A tribute to Nérée St-Amand

Faculty of Social Sciences
School of Social Work
In memoriam
Nérée St-Amand
It is with great sadness that we learned of the death of our former colleague and friend, Nérée St-Amand, on September 22. All our sympathies to his children François and Julie, as well as to his grandchildren, his brother, his sisters, his ex-wife and all the other people who were part of his network of family and friends.

Nérée was one of the founders of the School of Social Work and was a prominent figure in it, notably as co-creator of Reflets: Revue d’intervention sociale et communautaire. He was keen to build the School, to promote and defend it, and to infuse it with human and social warmth. A proud Acadian, he always sought to highlight the Canadian francophone minority roots of our School, but his attachment to French-speaking New Brunswick was also evident in his colorful expressions, his sense of humor and his accent. His beautiful pen and his calm assurance were examples for many Francophone minority students who saw in him the possibility of pursuing higher education, saying to themselves “why not” and “me too”.

Nérée had a particular concern for spirituality and alternative modes of intervention in social work. He devoted a great deal of writing and research to these themes, as well as his energies in supporting community initiatives such as the Dépanneur Sylvestre in Gatineau and the Ateliers de l'Élan at Montfort Renaissance in Ottawa. He also had a critical perspective on the psychiatric institution and a large place was reserved in his analyses for the words of persons who were or had been psychiatric patients. He helped found the Mad Studies movement, a field of research based on the principle of listening to mad people and approaching madness from their points of view. This perspective is radically different from that associated with more than a century of psychiatric research and institutional interventions, and Nérée defended it against all odds. He always attempted to make heard and visible the voices and practices which differ from those that are dominant in psychiatry and its institutions. In this regard, he co-founded in New Brunswick the magazine Our Voice / Notre Voix to allow psychiatrized people to speak out.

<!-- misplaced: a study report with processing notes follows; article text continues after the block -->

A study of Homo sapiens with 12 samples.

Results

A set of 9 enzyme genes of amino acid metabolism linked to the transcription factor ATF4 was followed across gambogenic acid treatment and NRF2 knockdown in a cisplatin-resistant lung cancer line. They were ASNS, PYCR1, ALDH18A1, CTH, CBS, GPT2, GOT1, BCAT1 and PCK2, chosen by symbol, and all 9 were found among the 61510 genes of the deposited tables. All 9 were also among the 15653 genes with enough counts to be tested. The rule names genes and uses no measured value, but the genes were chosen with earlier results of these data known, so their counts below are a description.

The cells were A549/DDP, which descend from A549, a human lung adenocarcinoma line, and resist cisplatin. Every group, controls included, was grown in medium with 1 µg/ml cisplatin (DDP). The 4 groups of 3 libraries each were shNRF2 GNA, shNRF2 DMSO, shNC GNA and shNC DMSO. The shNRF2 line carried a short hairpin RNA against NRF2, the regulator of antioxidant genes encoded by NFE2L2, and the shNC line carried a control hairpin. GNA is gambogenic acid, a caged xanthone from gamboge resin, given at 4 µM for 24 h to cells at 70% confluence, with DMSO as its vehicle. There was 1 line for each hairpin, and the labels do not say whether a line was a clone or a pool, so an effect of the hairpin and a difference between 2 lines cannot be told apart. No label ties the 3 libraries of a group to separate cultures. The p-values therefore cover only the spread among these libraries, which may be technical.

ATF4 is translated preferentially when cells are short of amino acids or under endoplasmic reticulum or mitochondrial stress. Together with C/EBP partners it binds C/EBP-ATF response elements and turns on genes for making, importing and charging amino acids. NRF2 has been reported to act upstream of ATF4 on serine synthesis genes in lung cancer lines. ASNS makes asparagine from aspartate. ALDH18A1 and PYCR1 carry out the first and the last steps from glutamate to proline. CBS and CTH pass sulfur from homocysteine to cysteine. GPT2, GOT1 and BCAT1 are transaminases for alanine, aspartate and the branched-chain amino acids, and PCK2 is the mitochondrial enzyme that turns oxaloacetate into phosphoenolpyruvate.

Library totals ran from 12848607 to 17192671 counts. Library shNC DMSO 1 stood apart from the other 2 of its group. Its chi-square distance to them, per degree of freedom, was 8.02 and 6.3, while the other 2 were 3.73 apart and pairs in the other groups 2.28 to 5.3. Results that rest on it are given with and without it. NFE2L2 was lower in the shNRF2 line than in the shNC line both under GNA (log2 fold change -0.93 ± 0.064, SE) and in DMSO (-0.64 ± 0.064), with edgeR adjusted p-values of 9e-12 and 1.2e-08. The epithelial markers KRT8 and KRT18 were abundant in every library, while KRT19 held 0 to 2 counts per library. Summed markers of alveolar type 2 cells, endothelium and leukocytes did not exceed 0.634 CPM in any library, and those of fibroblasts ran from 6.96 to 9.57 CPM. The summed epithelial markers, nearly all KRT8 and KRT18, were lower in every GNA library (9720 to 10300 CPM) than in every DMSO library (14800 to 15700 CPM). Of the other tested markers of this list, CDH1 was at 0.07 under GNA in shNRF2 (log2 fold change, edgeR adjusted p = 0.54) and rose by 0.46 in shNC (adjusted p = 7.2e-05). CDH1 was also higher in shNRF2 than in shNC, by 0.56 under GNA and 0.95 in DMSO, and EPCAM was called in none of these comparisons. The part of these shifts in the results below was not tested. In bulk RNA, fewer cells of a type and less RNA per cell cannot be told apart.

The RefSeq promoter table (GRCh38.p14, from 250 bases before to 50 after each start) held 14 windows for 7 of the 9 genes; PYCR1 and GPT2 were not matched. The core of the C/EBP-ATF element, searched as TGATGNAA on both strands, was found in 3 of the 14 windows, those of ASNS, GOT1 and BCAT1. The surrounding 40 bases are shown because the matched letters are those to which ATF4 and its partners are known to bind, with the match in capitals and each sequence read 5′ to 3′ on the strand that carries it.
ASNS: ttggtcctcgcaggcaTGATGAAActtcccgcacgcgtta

Nérée had no fear when it came to defending the rights of marginalized and vulnerable people. Based on his critical views of social structures, he clearly saw the shortcomings of many support systems and decried the ways in which society can, through its institutions, oppress people and silence those who challenge them. Perhaps that's why he didn't hesitate to lend a hand to students who didn't always have the best grades or who couldn't make ends meet. He often gave them help, sometimes by calling out to people in positions of authority at the University, sometimes by dipping into his own pockets.

Nérée, your sudden death sent shock waves through our School. We had been pleased to occasionally enjoy your sense of humor since your retirement, during your visits to the School or in unexpected encounters in the Sandy Hill neighborhood, or at the graduation ceremony you recently attended. We will miss you, that is a certainty; but rest assured that despite your absence, the School you helped to build will remember you for a long time to come.

Your colleagues and friends at the School of Social Work.